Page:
Steelers draft 2010: Defensive back
By Jim Wexell
Posted Apr 20, 2010
SteelCityInsider.com publisher Jim Wexell’s draft series on the Pittsburgh Steelers continues today with the offensive line position.
It was sometime during the first round of the 2008 draft when Steelers defensive backs coach Ray Horton wondered past the media room.
“You want Mike Jenkins, don’t you?” someone asked Horton, who immediately turned and smiled as if his questioner had read his mind.
“Don’t tease me,” Horton said.
The Steelers, of course, passed on the cornerback and drafted Rashard Mendenhall.
Jenkins went two picks later, but all along Horton knew he could look but not touch because Jenkins is a cover corner and the Steelers demand that their cornerbacks stop the run.
Of course, look where that philosophy’s gotten them: carved up by Bruce Gradkowski, among others.
So, the cornerback-deficient Steelers could change that philosophy tomorrow night by drafting Boise State cornerback Kyle Wilson (5-10, 194, 4.43). Horton was at Wilson’s Pro Day workout, a workout that’s drawn raves from all who attended. That workout and Wilson’s Senior Bowl week have made him a solid first-rounder.
But does a finesse cover corner fit the Steelers’ traditional prescription?
Probably not. While Wilson did play the more physical “boundary” side of the Boise State defense, he’s not in the same category as Joe Haden (5-10¾, 193, 4.5
, Kareem Jackson (5-10½, 196, 4.4
or Devin McCourty (5-10¾, 196, 4.42) when it comes to a physical style.
Those three corners more than likely – since history must be our guide – interest the Steelers in the first round, or more specifically, in a trade down in the first round.
Of that group, Jackson, the underclassman from Alabama, might have the best mix of strength and coverage skills and just might be the Steelers’ primary target at the position.
One other defensive back interests the Steelers in the first round, Texas safety Earl Thomas (5-10¼, 208, 4.46).
Thomas could step immediately into the Steelers’ three-safety nickel package, and with his ball skills could soon develop into their No. 1 nickel back, and maybe even move over to the cornerback position full-time.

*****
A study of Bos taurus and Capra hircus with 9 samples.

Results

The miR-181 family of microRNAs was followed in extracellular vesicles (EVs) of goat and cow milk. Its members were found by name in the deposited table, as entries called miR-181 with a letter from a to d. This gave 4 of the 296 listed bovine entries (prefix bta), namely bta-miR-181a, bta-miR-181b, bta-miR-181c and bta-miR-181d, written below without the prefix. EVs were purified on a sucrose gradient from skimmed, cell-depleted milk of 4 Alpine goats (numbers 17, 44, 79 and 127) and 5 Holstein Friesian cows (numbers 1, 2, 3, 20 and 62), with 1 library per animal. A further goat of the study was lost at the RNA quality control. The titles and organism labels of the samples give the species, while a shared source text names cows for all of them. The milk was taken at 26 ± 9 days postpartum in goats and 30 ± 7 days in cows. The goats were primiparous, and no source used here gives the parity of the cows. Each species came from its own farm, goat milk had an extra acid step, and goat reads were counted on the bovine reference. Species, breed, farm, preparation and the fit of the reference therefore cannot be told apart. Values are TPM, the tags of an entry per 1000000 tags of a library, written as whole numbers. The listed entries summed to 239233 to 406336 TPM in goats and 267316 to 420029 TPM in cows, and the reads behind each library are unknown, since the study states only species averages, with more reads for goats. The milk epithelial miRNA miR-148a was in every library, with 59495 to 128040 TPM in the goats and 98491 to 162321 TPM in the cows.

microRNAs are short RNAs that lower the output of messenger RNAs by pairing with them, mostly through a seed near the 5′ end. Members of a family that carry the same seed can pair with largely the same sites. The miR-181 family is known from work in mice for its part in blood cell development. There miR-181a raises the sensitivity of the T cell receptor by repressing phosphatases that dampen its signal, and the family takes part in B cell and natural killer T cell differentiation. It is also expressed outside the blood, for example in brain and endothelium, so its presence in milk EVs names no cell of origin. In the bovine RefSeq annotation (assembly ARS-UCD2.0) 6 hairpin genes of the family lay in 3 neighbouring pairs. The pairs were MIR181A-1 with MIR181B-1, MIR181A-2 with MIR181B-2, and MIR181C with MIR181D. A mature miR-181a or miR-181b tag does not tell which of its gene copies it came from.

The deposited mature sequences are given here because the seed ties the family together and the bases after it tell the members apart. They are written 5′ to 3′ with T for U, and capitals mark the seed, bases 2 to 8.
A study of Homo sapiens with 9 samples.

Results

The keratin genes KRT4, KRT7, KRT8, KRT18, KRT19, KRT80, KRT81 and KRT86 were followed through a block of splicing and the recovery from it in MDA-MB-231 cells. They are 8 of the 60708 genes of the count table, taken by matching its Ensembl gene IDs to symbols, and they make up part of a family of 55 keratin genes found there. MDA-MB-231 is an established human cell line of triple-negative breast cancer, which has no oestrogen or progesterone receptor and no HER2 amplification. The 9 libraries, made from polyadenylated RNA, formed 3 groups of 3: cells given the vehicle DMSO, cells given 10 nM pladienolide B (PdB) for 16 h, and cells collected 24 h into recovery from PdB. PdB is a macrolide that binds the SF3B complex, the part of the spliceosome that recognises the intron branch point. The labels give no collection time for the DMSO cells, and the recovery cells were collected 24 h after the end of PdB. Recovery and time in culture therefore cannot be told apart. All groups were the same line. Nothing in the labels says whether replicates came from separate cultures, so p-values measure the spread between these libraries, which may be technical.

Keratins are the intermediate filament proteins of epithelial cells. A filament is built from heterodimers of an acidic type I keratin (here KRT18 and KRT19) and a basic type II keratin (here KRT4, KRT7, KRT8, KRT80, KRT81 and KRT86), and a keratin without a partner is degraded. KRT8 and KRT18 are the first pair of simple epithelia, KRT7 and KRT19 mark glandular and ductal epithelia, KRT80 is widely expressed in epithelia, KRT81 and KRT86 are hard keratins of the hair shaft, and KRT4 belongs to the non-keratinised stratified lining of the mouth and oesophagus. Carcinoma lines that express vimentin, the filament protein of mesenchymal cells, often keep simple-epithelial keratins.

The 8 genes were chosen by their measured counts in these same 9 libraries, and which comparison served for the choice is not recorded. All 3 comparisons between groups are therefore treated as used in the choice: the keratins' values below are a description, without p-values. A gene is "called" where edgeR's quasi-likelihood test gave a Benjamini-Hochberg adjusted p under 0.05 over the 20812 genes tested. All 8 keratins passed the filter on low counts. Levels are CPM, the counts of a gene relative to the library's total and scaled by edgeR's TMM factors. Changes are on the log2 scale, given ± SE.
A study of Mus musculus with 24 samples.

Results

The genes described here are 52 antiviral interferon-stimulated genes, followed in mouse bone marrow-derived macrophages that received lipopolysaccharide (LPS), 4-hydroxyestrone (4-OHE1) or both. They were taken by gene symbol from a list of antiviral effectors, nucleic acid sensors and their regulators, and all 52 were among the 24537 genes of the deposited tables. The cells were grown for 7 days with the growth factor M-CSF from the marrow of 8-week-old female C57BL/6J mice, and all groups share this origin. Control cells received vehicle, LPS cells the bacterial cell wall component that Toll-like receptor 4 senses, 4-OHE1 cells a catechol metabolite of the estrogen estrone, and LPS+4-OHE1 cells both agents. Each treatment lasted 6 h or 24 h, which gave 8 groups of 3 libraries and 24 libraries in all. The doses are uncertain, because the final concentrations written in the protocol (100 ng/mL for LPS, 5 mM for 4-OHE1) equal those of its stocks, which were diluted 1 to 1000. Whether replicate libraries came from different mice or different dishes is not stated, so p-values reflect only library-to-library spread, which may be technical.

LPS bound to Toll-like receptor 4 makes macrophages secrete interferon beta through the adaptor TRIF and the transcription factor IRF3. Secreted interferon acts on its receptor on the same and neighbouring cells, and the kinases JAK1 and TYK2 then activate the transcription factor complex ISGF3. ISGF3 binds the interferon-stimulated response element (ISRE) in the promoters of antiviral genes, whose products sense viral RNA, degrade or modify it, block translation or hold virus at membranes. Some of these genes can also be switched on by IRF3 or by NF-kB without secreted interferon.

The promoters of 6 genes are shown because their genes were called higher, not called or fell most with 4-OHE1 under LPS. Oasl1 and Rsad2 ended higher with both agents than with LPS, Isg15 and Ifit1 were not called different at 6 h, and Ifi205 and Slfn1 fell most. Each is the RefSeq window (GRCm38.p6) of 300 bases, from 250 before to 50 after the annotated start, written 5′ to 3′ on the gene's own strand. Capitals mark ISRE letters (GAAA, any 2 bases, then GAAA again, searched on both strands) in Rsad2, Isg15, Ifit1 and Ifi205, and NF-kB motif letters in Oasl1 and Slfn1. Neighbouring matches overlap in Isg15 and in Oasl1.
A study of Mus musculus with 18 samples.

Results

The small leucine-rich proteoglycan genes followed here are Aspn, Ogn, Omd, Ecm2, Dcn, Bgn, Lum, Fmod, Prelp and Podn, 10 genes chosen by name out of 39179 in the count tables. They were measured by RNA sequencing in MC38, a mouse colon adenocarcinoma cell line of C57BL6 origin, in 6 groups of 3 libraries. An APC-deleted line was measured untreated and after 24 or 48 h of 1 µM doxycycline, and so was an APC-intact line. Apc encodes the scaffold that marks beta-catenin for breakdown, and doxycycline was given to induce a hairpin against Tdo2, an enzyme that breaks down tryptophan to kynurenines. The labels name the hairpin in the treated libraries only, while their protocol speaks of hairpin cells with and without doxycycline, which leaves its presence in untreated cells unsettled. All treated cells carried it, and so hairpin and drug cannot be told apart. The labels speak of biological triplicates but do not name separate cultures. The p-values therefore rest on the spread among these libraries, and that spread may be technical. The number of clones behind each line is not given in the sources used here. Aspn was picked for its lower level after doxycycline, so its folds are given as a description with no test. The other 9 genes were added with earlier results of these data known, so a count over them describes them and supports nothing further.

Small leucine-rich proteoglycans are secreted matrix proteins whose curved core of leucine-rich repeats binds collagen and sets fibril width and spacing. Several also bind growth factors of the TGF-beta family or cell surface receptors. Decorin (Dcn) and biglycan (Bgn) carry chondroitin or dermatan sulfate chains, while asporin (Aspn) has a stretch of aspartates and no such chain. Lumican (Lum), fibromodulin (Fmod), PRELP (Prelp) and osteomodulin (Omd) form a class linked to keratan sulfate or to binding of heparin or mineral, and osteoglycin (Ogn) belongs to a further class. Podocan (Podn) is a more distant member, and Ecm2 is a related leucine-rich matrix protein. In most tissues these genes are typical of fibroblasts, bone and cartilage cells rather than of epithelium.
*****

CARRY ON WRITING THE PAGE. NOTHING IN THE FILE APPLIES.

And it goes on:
Thomas could slip to pick 18 since he’s on the small side and the safety crop is rather deep. The only other safety with first-round potential is Taylor Mays (6-3, 230, 4.36), but the Steelers will likely pass on him, a track star with a spotty tape resume.
Along with Thomas, the Steelers hosted one other safety, Darrell Stuckey (5-11½, 205, 4.51) of Kansas, a third or fourth-round pick. Other underrated safeties include Chad Jones (6-2, 221, 4.59) of LSU and T.J. Ward (5-10½, 211, 4.59) of Oregon.
Steelers Coach Mike Tomlin is said to be enamored with Virginia Tech’s Kam Chancellor (6-3¼, 231, 4.71), who would bring an Anthony Smith-like physical presence to the middle of their cover-3 defense, but who would, unfortunately, also bring Smith’s coverage skills.
Along with cornerbacks Jackson and Wilson, the Steelers also hosted corners Brandon Ghee (5-11½, 192, 4.3
of Wake Forest and Nolan Carroll (5-11½, 204, 4.49), a quick but injury-prone cover corner from Maryland.
The Steelers have been on the trail of IUP cornerback Akwasi Owusu-Ansah (6-0, 207, 4.47), who ran a pair of 4.3 40s at the Ohio State Pro Day. The Steelers’ team surgeon even operated on the player’s shoulder this draft season. Owusu-Ansah performed extremely well at the combine and adds versatility as a kick returner and potential safety.
The Steelers also showed interest in California (Pa.) cornerback Terrence Johnson (5-9 ½, 190), yet another Woodland Hills High product. Johnson could be available as a free agent after the draft.
First round – Earl Thomas, Texas; Kareem Jackson, Alabama; Joe Haden, Florida; Kyle Wilson, Boise State; Devin McCourty, Rutgers.
Third round – Akwasi Owusu-Ansah, IUP; Chad Jones, LSU; Brandon Ghee, Wake Forest.
Fourth round – Kam Chancellor, Virginia Tech; T.J. Ward, Oregon; Darrell Stuckey, Kansas.
Fifth round – Brian Jackson, Oklahoma.
Seventh round – Nolan Carroll, Maryland; Terrence Johnson, California (Pa.)